Citigroup Inc.’s $285 million mortgage-securities pact with the Securities and Exchange Commission was approved by a judge whose earlier rejection of the accord was assailed by a federal appeals court.
“They who must be obeyed have spoken, and this court’s duty is to faithfully fulfill their mandate,” U.S. District Judge Jed Rakoff in New York said of the appeals court in a three-page opinion today.
Still, Rakoff voiced his fear that the appeals court’s ruling means regulators’ future legal settlements “will in practice be subject to no meaningful oversight whatsoever.”
Rakoff’s decision resolves SEC claims the bank misled investors in a $1 billion financial product linked to risky mortgages, costing investors more than $600 million. In June, the federal appeals court in Manhattan called Rakoff’s 2011 rejection of the deal an “abuse of discretion” and returned the settlement to him for reconsideration.
“That court has now fixed the menu, leaving this court with nothing but sour grapes,” Rakoff wrote.
The settlement stems from SEC allegations that Citigroup structured and sold collateralized debt obligations in 2007 without telling investors that it helped pick about half the underlying assets, and that it was betting they would decline in value by taking a short position.
In 2011, Rakoff, in a rebuke of the agency, criticized its practice of agreeing to accords that don’t require defendants to admit wrongdoing. He said the parties didn’t give him “any proven or admitted facts” he could use to determine whether the settlement was fair.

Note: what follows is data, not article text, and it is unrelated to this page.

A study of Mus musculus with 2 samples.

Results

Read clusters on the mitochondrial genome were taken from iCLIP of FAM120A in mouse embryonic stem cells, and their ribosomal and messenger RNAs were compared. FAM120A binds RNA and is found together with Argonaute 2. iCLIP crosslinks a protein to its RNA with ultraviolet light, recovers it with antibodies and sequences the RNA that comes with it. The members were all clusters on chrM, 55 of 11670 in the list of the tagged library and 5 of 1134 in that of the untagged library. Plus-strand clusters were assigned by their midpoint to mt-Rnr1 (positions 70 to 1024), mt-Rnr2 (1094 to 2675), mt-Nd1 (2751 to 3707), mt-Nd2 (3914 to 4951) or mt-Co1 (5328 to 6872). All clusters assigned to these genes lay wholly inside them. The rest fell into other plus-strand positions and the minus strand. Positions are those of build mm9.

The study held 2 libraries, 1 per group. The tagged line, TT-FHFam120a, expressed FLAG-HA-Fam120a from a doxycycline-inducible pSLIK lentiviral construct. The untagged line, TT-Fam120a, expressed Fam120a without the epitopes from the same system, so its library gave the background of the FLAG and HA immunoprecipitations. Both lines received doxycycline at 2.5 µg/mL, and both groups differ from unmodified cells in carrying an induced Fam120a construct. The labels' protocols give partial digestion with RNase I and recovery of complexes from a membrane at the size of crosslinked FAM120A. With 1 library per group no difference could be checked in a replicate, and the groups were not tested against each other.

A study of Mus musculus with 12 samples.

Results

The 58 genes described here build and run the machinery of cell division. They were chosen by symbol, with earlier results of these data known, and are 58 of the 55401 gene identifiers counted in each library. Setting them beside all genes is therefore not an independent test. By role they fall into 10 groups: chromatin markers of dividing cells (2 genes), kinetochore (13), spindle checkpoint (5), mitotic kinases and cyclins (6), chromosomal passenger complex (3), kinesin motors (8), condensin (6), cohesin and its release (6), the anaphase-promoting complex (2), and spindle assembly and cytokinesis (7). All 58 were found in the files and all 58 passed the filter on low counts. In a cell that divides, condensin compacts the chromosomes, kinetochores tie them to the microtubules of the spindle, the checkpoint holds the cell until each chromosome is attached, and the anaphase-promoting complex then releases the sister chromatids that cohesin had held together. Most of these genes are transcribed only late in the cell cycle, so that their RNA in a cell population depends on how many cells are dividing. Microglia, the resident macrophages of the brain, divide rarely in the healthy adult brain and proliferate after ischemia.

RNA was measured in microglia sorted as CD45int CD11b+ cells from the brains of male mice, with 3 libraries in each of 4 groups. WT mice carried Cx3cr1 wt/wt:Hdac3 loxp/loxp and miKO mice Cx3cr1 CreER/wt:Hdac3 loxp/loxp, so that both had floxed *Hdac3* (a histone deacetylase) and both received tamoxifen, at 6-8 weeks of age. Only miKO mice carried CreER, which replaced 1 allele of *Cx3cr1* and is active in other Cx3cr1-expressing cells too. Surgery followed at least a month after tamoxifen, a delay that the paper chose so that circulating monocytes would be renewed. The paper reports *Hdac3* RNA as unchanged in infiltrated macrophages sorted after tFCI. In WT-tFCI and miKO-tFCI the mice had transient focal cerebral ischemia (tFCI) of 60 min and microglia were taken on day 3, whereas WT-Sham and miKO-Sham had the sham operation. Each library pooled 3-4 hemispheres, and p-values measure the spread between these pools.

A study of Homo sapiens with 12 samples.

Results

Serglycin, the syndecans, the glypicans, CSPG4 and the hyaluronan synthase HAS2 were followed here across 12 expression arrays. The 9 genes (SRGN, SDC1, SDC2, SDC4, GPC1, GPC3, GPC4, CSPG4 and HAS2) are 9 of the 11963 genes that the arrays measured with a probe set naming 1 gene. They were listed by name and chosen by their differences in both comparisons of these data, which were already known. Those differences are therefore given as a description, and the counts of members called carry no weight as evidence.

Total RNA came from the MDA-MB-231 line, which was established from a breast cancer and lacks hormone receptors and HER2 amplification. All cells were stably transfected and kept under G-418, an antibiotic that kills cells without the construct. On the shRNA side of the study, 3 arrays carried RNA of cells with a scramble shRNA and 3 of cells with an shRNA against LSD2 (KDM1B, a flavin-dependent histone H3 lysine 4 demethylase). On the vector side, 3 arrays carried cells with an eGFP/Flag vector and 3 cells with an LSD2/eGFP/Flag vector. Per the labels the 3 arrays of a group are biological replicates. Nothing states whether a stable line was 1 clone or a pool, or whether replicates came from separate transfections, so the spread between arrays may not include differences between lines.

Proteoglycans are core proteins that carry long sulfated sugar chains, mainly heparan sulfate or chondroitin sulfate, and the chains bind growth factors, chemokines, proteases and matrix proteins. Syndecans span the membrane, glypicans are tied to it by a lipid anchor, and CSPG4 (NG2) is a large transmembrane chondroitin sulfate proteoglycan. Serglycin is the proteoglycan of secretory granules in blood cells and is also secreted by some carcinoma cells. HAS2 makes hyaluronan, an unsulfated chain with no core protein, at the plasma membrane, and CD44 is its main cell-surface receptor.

In its June ruling—a win for the bank and the regulator—the appeals court cited the SEC’s purview to tailor settlements as it sees fit, saying Rakoff erred by requiring it first establish the “truth” of the allegations against the bank.
While the appellate court said there were probably enough facts to allow approval of the Citigroup accord, it sent the case back to Rakoff to review and said he may request additional information from the parties.
Danielle Romero-Apsilos, a spokeswoman for New York-based Citigroup, declined to comment on Rakoff’s latest decision.
Provisions allowing defendants to neither admit nor deny SEC allegations have been a sticking point for Rakoff on more than one occasion. The regulator has defended the practice, saying it encourages settlements and allows defendants to avoid public admissions that could be used in private litigation.
In a 2012 policy change, the SEC limited the “neither admit nor deny” language to deals with defendants who have not already been convicted in related criminal cases.